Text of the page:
Atlanta Classical Academy opened in 2014, as a K–8 school. Today, it runs to twelfth grade and has 690 students, with a waiting list of 1,500 kids.
A sister school opened in 2021 a few miles north in Kennesaw, Georgia, called Northwest Classical Academy. At that time, it served grades K–6. Now, two years later, it runs through ninth grade, enrolls 700 students, and has a waiting list of 1,000.
It's a pattern that's becoming commonplace. A few parents and an entrepreneur come together to envision an alternative school built on classical lines, and within a few years they have to turn away dozens or hundreds of applicants because they don't have the space. Demand exceeds supply.
In the case of Atlanta Classical, Matthew Kirby—an engineer and real estate businessman, not a professional educator—found a few parents who were dissatisfied with the public school options in the city. They favored a classical model, and visited the Ridgeview Classical Schools in Colorado to see how that model might work in a charter school setting. More guidance came from the Barney Charter School Initiative at Hillsdale College.
Within one year of opening, the waiting list broke 1,000, which encouraged Kirby and his team to add the older grades. With Northwest Academy seeing even faster growth, Kirby and his team have formed an umbrella organization, Liberty Classical Schools Foundation, which aims to launch ten more classical schools in the next ten years and serve more than 9,000 kids. I think the optimism is justified.
The content of the curriculum is a big draw. Third-graders learn Greek mythology, fifth-graders read The Adventures of Tom Sawyer and Frederick Douglass, sixth-graders A Midsummer Night's Dream. Tenth grade is British literature, eleventh grade American literature, twelfth grade Modern European lit. Grades nine and ten take Western Civilization I and II for history. A semester of moral philosophy is required as well, plus a semester of American government.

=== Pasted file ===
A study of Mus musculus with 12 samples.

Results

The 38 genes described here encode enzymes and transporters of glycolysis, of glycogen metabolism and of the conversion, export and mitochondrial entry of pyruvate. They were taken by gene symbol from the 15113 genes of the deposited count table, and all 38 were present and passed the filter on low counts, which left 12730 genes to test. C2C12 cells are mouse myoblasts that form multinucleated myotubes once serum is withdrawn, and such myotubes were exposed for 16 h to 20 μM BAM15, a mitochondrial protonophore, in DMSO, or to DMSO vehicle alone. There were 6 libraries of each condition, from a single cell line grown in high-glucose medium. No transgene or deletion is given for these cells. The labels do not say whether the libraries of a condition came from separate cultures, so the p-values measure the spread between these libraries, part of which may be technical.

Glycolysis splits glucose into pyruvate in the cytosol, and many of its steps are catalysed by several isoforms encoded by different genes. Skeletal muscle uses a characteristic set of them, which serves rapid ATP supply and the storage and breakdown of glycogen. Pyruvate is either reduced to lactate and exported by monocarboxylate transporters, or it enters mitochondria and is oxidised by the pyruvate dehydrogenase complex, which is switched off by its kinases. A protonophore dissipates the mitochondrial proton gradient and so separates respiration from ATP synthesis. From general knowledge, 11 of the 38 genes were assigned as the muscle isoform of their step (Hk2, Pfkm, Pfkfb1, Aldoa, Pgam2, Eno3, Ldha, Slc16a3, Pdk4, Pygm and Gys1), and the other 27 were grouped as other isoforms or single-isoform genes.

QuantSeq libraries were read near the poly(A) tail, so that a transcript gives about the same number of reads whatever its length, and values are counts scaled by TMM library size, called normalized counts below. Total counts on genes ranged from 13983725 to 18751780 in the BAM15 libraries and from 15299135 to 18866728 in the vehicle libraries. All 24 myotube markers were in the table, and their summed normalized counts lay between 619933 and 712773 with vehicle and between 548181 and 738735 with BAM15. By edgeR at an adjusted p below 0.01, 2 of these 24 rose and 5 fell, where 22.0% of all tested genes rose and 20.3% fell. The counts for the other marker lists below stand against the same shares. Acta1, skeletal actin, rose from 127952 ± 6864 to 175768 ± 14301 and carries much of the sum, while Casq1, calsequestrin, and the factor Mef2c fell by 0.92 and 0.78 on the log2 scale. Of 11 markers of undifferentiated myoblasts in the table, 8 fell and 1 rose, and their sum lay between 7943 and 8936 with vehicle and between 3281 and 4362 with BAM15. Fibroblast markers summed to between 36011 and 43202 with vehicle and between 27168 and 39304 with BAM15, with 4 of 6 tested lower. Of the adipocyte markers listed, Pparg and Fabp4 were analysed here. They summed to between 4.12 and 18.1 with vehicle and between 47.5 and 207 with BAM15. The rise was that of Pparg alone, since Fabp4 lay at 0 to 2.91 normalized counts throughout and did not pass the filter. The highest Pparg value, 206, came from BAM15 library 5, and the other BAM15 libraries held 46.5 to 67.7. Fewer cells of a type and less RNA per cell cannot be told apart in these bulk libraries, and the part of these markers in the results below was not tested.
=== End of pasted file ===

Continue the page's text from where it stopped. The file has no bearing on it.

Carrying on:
There is much more (engineering, music, theatre). Of course, I can imagine many teachers and parents looking at the requirements and muttering, “You gotta be kidding.” When only 14 percent of eighth-graders like reading enough to pick up a book for fun every few days and when reading scores continue to decline (while screen time goes up and up and up), those assignments appear ridiculously difficult. Shakespeare for twelve-year-olds? Douglass's Narrative in elementary school? No way.
There is a simple response to that skepticism: the waiting list. Those bare numbers make the case. Applicants keep coming. And as Mr. Kirby told me last week, they come from all across the Atlanta metropolitan area and from every demographic.
There is another classical school in the area, this one a Catholic school, not a charter. It's the Chesterton Academy of Atlanta, also located in Kennesaw. It's a tiny program that is part of the Chesterton network. It has only ten students this year, all ninth-graders, but the leaders expect to add a grade each year for the next three years and eventually become a full high school. It's not a competitor of Northwest Classical Academy; it's too Catholic for that. Headmaster Taylor Bettencourt (who came over from Atlanta Classical) states on the site that the school's goal is to lead “young minds closer to Christ and to see the beauty of the Catholic faith through their studies.” Father Neil Dhabliwala, pastor of St. Catherine of Siena, is chair of the school's board of directors (he co-founded the school with Charissa Saenz).
Each day begins with Mass. The curriculum includes the Bible, the Catholic Catechism, and papal documents. Faculty and staff have taken the Oath of Fidelity to the Magisterium of the Catholic Church. Tuition is only $8,700 per child. Because the academy begins with ninth grade, entering students take the Classic Learning Test's CLT8 Placement Exam.
It's an experiment that has just begun, small now but with all the ingredients of success. If we didn't know anything about classical schools in the last ten years, that small group of ninth-graders might not sound very promising. But recent history makes the Chesterton Academy of Atlanta a very good bet in the next five years.
Mark Bauerlein is a contributing editor at First Things.